Carrington Falls surprised Julie and I with its impressive flow, especially considering our November 2006 trip to Southeastern Australia was in the midst of a severe drought.
It was certainly the first substantially flowing waterfall on that trip, and it also happened to be the first of a series of consecutive waterfalls that we visited that day that were flowing well.
This attested to the resiliency of the drainages in the Illawarra Highlands at the time.
That said, we weren’t sure whether its decent flow could be attributed to a few consecutive days of rain both during and prior to our visit.
Or, whether the Kangaroo River drainage was simply substantial enough to maintain such volume.
Speaking of the Kangaroo River, its 50m plunge off the Budderoo Plateau marked the start of the Kangaroo Valley as the river would eventually wind its way through the neighboring Morton National Park.
Experiencing Carrington Falls
Julie and I were able to visit the falls on a short and easy 25-minute loop walk (called the Lookout Track) that allowed us to view the falls at various direct vantage points.
I wasn’t sure if we could’ve also viewed the falls from the other side of the gorge, and we won’t know until we make a return trip to see what else we could have done here.
Nonetheless, we were pretty content with our waterfalling experience pertaining to what we were able to see.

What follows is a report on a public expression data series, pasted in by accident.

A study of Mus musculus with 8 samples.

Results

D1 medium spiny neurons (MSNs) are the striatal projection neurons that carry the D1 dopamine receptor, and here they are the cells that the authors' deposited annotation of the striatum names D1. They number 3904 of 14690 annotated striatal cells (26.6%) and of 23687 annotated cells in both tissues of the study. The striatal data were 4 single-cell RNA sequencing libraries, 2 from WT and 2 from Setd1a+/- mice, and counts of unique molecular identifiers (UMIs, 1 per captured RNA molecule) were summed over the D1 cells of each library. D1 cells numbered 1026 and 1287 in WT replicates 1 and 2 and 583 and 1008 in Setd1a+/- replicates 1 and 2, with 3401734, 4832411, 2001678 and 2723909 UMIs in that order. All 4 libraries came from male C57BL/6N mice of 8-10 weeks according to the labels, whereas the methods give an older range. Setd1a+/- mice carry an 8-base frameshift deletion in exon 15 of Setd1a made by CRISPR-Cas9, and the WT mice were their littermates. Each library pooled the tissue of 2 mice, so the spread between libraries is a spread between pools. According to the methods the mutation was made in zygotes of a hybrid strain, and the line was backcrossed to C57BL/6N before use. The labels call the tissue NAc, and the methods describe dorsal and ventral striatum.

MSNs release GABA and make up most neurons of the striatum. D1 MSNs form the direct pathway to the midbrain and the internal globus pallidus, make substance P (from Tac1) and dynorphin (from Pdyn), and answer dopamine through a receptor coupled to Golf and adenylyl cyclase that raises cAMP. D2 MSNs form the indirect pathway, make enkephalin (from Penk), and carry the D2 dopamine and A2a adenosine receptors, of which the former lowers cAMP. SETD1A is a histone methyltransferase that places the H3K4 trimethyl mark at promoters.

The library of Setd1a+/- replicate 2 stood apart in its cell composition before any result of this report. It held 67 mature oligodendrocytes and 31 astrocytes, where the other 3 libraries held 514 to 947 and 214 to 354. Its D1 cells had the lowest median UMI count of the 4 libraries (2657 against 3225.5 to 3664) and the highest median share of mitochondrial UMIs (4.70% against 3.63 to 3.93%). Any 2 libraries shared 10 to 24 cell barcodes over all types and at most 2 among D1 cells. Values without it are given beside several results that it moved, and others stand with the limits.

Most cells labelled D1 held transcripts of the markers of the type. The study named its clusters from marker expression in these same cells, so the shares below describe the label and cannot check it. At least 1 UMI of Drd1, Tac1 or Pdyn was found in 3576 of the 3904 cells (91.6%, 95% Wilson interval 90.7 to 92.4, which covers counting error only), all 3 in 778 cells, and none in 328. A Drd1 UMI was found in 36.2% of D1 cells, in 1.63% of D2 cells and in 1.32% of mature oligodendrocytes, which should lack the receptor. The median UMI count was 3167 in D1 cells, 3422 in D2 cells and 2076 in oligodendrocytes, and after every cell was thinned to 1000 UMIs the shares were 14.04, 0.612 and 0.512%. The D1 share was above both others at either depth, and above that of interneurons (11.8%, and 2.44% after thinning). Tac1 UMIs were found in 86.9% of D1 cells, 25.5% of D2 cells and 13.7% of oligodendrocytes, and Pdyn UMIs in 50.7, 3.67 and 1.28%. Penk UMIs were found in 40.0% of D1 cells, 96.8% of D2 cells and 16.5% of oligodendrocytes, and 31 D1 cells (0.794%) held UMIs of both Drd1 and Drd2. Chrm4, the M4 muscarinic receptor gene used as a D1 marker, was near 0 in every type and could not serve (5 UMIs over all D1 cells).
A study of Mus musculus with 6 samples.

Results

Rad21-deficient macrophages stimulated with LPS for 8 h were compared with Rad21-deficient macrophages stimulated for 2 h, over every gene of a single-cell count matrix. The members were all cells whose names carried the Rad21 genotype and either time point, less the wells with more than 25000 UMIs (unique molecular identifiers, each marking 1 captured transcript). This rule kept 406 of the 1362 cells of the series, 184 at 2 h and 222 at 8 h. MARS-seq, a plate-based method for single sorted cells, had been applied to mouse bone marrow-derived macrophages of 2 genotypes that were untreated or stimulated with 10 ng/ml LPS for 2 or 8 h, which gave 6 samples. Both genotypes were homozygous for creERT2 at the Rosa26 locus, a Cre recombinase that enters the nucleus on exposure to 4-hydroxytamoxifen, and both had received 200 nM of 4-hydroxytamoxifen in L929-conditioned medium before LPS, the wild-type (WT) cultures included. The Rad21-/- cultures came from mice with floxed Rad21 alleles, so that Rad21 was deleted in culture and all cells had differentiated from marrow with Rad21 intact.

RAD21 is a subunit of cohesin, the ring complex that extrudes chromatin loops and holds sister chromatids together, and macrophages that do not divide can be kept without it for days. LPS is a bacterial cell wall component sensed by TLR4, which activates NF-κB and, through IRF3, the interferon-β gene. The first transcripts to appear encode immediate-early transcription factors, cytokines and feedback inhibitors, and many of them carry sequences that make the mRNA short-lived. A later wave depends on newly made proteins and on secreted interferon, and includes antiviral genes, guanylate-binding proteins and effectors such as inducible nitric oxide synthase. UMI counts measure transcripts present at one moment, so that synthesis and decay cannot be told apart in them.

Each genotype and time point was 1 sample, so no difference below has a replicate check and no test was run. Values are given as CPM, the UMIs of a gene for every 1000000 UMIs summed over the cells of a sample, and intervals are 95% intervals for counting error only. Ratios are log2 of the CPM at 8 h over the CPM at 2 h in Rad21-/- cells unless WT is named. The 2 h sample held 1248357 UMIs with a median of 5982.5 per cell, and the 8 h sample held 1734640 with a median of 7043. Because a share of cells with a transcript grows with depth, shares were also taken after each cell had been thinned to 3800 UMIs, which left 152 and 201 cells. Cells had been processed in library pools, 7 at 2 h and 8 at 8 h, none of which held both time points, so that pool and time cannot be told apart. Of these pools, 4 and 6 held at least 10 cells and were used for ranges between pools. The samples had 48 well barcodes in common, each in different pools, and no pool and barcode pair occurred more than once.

The photo you see at the top of this page was from a vantage point that we liked the best.
In addition to Carrington Falls, Julie and I contemplated visiting the Gerringong Falls, but the access to that waterfall required extensive driving on some pretty rough unsealed roads.
That was something we didn’t feel like risking with our rental car so we didn’t do it.
Carrington Falls resides in the Budderoo National Park. It is administered by the NSW National Parks and Wildlife Service. For information or inquiries about the area as well as current conditions, visit their website.
We went to Carrington Falls from the Minnamurra Falls (see that page for directions on getting there from Kiama or Wollongong). From the Minnamurra Rainforest Centre turnoff on Jamberoo Mountain Road, it was another 15km west on the Jamberoo Mountain Road (Hwy 9) to the signposted turnoff on the left leading to the falls in Budderoo National Park (near the township of Pheasant Ground). We followed this spur road for another 2km or so to reach the car park on the right.
Alternatively, we could’ve come here from the Illawarra Highway (Hwy 48 over Macquarie Pass) if we were headed southwest from the north (like Wollongong or Sydney). If driving in this manner, take Hwy 48 to Hwy 8 (continuing the Illawarra Hwy), then turn left onto Hwy 9 (Jamberoo Mountain Road). From there (you’ll be northwest of the falls), continue about 5km east and south towards Pheasant Ground before keeping right to continue on the Budderoo National Park road, ultimately arriving at the car park for the falls on the right.